There are several causes for the recent volatility: Chinese regulators cracked down on bitcoin exchanges, while U.S. authorities rejected a proposal for a bitcoin-backed exchange-traded fund (ETF). The current concern is over the future of the bitcoin technology.
Bitcoin faces a scaling issue, where the number of bitcoin transactions that can happen on the blockchain at any one time is limited. This is creating a backlog of transactions that are needed to be processed and slowing down the system.
A group called Bitcoin Unlimited advocates for increasing the size of the blocks on the blockchain in order to process more transactions, but this has split the community. To increase the block size would involve splitting the blockchain, causing a fork and creating two major blockchains. This would effectively create two different coins and it's not clear which would become dominant.
As a result, investors are hedging their bets or selling out of bitcoin, waiting to see whether or not the fork will happen, and if so, which blockchain will be favored by the market.
Data from Bitfinex indicates around 49 million more coins have been sold than bought, or roughly 5 percent of total coins traded, in the last 30 days. Through March, the number of long bitcoin positions held by investors has decreased from 26,858 to above 23,142, while the number of short positions has increased from 9,820 to 14,731.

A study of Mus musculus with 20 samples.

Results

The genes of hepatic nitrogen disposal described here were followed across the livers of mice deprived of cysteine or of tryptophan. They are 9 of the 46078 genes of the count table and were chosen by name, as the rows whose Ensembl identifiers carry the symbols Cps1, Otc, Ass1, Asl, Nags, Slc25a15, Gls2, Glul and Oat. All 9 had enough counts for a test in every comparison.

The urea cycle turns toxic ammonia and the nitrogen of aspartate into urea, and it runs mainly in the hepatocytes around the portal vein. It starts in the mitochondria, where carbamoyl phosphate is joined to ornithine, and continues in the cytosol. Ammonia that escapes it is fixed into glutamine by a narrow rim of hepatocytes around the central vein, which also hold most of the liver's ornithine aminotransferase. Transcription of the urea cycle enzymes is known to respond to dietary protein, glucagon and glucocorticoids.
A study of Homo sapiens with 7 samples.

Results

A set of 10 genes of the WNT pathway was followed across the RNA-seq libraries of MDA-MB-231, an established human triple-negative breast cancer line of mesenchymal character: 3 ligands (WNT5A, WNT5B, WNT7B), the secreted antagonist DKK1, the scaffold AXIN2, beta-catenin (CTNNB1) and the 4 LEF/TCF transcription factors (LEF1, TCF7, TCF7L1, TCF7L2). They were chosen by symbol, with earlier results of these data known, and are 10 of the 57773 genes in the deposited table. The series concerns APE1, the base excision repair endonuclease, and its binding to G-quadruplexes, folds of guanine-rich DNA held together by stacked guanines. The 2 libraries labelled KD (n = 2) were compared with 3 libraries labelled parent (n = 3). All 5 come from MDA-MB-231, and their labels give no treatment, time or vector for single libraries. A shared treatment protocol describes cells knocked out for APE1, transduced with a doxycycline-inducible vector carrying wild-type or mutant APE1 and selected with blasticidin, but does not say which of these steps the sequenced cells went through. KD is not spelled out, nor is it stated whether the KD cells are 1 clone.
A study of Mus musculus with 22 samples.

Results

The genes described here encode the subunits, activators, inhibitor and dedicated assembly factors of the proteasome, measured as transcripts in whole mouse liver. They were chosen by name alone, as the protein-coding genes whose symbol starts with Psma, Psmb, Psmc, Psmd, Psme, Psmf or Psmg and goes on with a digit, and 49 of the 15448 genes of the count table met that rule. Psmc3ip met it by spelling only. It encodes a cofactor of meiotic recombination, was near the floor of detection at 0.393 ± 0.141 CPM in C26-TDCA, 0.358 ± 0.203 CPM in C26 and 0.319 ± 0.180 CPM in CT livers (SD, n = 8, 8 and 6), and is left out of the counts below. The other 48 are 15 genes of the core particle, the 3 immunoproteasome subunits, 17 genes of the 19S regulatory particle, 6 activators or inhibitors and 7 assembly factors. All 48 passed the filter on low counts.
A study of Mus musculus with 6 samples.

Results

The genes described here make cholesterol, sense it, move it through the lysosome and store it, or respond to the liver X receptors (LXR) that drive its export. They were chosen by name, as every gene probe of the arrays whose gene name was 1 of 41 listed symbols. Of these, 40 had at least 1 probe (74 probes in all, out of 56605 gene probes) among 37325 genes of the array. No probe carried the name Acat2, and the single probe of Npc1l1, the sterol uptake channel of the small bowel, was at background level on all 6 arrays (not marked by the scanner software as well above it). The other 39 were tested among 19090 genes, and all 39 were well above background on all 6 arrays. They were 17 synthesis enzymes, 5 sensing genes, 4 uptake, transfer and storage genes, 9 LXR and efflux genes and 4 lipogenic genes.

Meanwhile, the market cap of blockchain assets other than bitcoin, such as ether, dash and monero, has more than doubled since March 10 from $3.5 billion to more than $7 billion, according to Chris Burniske, blockchain products lead analyst at ARK Invest.
"At the same time, bitcoin's market cap has gone from $19 billion to $16 billion. Hence, bitcoin's market cap has lost $3 billion in value while the combined market cap of all other blockchain assets has added more than $3 billion," he told CNBC via email.
"Given these market indicators, it would appear investors are diversifying their blockchain asset holdings, positioning themselves for a generally rising tide in this emerging asset class."
Whether or not the fork happens is hard to tell, but it may harm bitcoin's brand, according to Jani Valjavec, co-founder of ICONOMI, a digital asset management platform for cryptocurrencies. Valjavec argues the brand is the main thing behind bitcoin's value.
"It has wide acceptance now, real world use cases, it can be a great store of value, and it is currently trusted by the community. Our understanding is that a hard fork, instigated by two parties with very competing interests, will primarily weaken the brand," he told CNBC via email.
"The next biggest brand in the distributed economy is ethereum, and that's why we believe it will benefit the most."
However, Fran Strajnar, co-founder & CEO of data and research company Brave New Coin, says the market is still within the parameters of a bitcoin bull cycle.
"The proposed contentious fork is unlikely but better to happen now than in the distant future. We would end up with the original bitcoin and remaining miners activating segwit (a well-designed package of system upgrades) and a new, much smaller, privatized alternative version of bitcoin," he told CNBC via email.
"The sum result of all the network fork (fear, uncertainty and doubt) is we are seeing investors hedge by buying into ether. We expect a price drop if there is a fork but a similar outcome to ethereum, where the long term market capitalization increases for both assets."